Vietnam aims stability in foreign exchange
Vietnam's central bank said on Tuesday it would work to keep foreign exchange rates stable this year as part of efforts to prevent an economic slowdown, reported Reuters.

The comments by Deputy State Bank Governor Nguyen Van Binh come after a dramatic 2008 when Vietnam devalued its closely managed currency twice and widened the trading band for the unit three times to help the economy deal with an economic slump.

"The objective of foreign exchange policy management in 2009 is stability, to create market confidence and contribute to the recovery of the macro economy," Binh said in a central bank report.

The central bank would "apply all measures" to keep the mid-point of the dollar/dong exchange rate in 2009 stable at around 16,989 dong per dollar, the rate it set when it devalued the dong by 3 percent on Dec. 25, its second devaluation of 2008.

The currency is permitted to trade 3 percent either side of a level set by the central bank each day.

Still, Binh acknowledged that the global economic slowdown would hurt Vietnam's main sources of foreign currency, including exports, foreign direct investment and remittances from Vietnamese living abroad.

The Southeast Asian country's economic growth slowed to 6.2 percent last year from 8.5 percent in 2007. The government hopes to keep it at 6-6.5 percent this year, although the International Monetary Fund and others forecast growth will be closer to 5 percent.

The State Bank of Vietnam, the central bank, has repeatedly said its first priority in 2009 was to help the government stave off an economic downturn.

"Monetary policy this year will closely pursue the objective of preventing an economic slowdown and containing inflation at a reasonable level," Governor Nguyen Van Giau said in a separate statement issued on Tuesday.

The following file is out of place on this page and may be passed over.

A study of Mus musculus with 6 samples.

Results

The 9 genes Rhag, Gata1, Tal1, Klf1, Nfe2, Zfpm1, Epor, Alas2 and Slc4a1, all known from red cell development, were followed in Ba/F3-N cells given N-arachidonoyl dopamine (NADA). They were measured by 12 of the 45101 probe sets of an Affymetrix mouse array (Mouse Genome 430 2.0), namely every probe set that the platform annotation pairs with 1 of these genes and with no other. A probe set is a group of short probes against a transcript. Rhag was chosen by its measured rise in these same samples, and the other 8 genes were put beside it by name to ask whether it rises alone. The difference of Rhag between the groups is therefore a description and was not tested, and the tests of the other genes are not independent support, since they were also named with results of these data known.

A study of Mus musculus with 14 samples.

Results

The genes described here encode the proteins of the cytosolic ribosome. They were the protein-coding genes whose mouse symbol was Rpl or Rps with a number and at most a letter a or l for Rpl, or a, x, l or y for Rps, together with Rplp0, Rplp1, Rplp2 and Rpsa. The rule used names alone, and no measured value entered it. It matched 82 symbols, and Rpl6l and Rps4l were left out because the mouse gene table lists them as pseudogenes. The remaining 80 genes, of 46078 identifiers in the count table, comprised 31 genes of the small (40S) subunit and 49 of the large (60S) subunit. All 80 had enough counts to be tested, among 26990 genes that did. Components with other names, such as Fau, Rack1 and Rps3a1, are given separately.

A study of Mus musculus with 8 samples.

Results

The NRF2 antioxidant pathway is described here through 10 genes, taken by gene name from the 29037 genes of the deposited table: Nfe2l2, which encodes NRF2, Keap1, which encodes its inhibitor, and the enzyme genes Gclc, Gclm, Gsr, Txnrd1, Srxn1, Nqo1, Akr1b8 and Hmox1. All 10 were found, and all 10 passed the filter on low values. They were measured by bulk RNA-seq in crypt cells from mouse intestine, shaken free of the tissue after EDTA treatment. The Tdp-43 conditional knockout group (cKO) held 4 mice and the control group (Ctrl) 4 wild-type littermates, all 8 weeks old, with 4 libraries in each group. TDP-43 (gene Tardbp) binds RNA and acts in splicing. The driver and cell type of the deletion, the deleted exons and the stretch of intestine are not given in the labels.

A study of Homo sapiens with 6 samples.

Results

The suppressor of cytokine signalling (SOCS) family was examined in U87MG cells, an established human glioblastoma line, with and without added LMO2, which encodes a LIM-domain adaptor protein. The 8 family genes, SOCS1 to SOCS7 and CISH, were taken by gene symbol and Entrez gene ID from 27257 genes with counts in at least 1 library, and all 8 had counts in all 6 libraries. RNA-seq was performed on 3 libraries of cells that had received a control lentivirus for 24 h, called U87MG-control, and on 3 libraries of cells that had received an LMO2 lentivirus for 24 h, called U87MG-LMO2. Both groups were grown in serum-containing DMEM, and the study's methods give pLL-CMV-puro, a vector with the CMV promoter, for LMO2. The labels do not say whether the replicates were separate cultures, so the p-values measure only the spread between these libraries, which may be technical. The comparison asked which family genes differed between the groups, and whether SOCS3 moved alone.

Deputy Governor Binh said the central bank and ministries had looked at various scenarios for the economy.

"But in any circumstances, the government is completely capable of balancing foreign exchange supply to serve demand to boost the economy," he added.

Prime Minister Nguyen Tan Dung said last week there was no need to devalue the dong because there were plenty of dollars in the banking system and a devaluation would affect the country's foreign debt position.

The government let the tightly controlled currency depreciate by about 8 percent against the dollar last year in the face of tough economic conditions, and economists had expected Hanoi to allow it to slip further this year to support exports.

Citigroup forecast in January the dong would depreciate to 17,948 dong per dollar by the end of 2009 -- around 2.6 percent below the current interbank rate of 17,484 dong -- due to a decline in exports, tighter foreign direct investment inflows and lower remittances from overseas Vietnamese.

Other foreign banks were even more pessimistic. ANZ forecast last week the dong would fall as low as 18,500 dong per dollar by the end of the year due to a drain on foreign exchange reserves.

Governor Giau has said Vietnam's foreign reserves stood at $22 billion in early February, slightly up from $21.9 billion estimated last October.